The FEI Bureau has today approved the revised Endurance rules during the second day of its in-person meeting in the FEI Headquarters in Lausanne (SUI). The revised rules, which are in line with the recommendations of the Endurance Strategic Planning Group (ESPG) and which received widespread support at the FEI Sports Forum in Lausanne (SUI) in April 2014, will be implemented on 1 August 2014.
Additionally, and in order to more formally recognise HRH Princess Haya’s previously stated conflict of interest with regard to the discipline, the Bureau voted unanimously to officially mandate the 1st Vice President John McEwen to take over full responsibility for the entire Endurance discipline during Princess Haya’s term of office.
The FEI and the National Federations have consistently stressed the importance of putting the new rules in place as soon as possible rather than waiting for a vote at the FEI General Assembly in December, which would mean delaying implementation until 1 January 2015. Under Article 20.3 of the FEI Statutes, the Bureau can, in emergency situations, pass resolutions that are normally voted on at the General Assembly.
Brian Sheahan, Chair of the FEI Endurance Committee and a member of the ESPG, welcomed the rapid implementation of the new rules. “The new rules for Endurance are a great step forward for horse welfare and fair play, and we strongly believe they address the key issues that the discipline has been facing,” he said.
“We are all aware that the discipline has faced a number of difficult challenges recently, but the combination of the ESPG, the consultation process with the National Federations and other stakeholders, and the determination of the Endurance Committee and the team at FEI Headquarters to address the issues within the discipline has resulted in some fundamental rule changes specifically aimed at improving horse welfare protocols and ensuring a level playing field globally.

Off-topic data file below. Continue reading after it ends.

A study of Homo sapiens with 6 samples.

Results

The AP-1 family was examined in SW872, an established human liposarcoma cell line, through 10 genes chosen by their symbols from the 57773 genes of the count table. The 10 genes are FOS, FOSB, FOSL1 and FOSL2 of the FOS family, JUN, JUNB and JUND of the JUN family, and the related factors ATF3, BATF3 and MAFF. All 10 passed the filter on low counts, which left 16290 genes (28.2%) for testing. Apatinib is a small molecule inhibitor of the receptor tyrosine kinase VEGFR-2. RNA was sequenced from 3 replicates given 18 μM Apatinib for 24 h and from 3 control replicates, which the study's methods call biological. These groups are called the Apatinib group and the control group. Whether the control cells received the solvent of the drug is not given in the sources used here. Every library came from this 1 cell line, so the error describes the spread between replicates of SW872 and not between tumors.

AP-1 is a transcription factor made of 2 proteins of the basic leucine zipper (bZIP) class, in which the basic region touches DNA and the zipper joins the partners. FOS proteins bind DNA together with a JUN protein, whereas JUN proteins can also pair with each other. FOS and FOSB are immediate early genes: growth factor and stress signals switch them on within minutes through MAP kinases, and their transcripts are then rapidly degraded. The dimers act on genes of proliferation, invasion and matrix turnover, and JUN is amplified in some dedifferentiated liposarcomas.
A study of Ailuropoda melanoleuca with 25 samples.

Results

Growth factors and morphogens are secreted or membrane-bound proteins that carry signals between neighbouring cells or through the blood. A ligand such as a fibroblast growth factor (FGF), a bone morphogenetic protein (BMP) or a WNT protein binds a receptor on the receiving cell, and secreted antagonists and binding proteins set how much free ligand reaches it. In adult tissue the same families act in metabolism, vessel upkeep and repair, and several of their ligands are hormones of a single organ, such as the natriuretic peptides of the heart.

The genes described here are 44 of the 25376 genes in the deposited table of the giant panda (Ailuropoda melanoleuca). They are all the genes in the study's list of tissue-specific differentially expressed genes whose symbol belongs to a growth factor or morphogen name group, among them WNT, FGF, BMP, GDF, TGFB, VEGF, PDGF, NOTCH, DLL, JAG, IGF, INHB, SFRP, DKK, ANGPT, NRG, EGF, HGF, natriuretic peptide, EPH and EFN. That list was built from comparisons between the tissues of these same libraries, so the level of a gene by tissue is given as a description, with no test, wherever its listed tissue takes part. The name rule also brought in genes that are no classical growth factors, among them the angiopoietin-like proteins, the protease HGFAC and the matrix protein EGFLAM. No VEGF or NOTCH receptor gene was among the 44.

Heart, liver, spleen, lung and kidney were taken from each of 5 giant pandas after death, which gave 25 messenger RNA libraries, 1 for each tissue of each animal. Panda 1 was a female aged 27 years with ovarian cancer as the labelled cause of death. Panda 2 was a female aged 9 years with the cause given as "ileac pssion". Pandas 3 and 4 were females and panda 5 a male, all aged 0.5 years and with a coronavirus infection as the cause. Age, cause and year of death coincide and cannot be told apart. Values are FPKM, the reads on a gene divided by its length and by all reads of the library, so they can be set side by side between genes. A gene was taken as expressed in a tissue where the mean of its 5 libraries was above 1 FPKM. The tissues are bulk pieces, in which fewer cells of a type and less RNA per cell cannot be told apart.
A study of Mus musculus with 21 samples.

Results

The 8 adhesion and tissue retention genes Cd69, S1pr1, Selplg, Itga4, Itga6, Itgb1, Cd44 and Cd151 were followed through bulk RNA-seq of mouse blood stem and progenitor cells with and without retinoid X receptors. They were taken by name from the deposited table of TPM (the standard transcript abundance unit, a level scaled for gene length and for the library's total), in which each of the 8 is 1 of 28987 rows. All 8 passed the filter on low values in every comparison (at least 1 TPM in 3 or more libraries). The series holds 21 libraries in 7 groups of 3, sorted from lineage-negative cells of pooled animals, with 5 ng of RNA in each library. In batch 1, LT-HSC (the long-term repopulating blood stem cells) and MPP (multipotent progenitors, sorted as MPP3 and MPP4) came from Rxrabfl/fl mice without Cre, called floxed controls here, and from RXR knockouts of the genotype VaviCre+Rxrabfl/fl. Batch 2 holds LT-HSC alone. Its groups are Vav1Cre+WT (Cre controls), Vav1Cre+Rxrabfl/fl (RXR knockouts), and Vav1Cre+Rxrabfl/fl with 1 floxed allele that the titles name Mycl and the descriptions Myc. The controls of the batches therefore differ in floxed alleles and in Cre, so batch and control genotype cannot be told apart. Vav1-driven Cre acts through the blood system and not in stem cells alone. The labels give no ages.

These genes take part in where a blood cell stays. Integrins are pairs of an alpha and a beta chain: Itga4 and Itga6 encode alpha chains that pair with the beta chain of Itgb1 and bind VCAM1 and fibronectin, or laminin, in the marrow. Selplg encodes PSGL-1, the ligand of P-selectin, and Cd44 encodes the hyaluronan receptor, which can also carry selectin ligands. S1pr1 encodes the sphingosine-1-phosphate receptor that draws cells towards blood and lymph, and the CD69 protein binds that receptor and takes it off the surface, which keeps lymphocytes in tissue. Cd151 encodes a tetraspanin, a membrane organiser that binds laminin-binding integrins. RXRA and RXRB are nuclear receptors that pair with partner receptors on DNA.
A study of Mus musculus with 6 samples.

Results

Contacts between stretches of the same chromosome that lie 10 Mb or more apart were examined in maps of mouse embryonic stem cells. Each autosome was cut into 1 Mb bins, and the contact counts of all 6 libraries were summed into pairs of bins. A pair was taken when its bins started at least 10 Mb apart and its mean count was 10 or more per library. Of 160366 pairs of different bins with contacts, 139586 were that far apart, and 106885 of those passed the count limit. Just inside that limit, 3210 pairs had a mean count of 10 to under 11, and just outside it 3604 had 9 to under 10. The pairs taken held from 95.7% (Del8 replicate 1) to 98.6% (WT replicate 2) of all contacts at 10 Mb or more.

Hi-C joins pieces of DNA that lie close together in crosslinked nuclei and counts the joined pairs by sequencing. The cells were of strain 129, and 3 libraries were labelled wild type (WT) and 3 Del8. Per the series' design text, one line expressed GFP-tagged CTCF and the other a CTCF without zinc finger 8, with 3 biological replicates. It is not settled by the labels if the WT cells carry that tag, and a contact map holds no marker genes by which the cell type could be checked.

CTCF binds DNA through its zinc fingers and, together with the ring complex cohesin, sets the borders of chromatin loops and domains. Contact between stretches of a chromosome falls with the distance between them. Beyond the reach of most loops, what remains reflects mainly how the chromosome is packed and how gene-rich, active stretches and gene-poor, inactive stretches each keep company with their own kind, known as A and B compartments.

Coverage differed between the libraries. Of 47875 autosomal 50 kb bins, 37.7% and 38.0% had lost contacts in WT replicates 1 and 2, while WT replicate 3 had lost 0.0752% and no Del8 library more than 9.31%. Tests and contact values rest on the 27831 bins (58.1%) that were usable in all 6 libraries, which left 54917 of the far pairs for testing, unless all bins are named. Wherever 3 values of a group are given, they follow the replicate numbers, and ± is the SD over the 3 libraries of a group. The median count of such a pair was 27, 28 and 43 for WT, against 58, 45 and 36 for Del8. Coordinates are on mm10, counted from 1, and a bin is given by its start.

“Now we can go forward with confidence to the World Equestrian Games, knowing that we have the right regulations and the right officials in place to ensure horse welfare and fair play, and also knowing that the athletes and their teams are confident in the rules and their implementation. While we will of course continually monitor the effectiveness of the new rules to make sure they are fit for purpose, this is definitely a major breakthrough for Endurance that means that we can now turn the focus back onto the sport.”
In addition to the new rules and in response to one of the ESPG recommendations, the Endurance Task Force is looking at ways that new technology can also be used to ensure horse welfare and provide a level playing field for Endurance events around the world.
Following on from the strong support for the far-reaching initiatives outlined at the special Endurance session at the Sports Forum, a large number of the leading Endurance National Federations have expressed their further support in writing.
Notes to Editors:
Under Article 20.3 of the FEI Statutes, National Federations have 30 days to object to the amendments to the Endurance rules, but further changes can only be made if a majority of National Federations register their objections within the specified timeframe.
The new Rules for Endurance to be implemented on 1 August 2014 will be published shortly on the FEI website here. Any media requiring a copy of the rules should contact the FEI Press Team at email@example.com.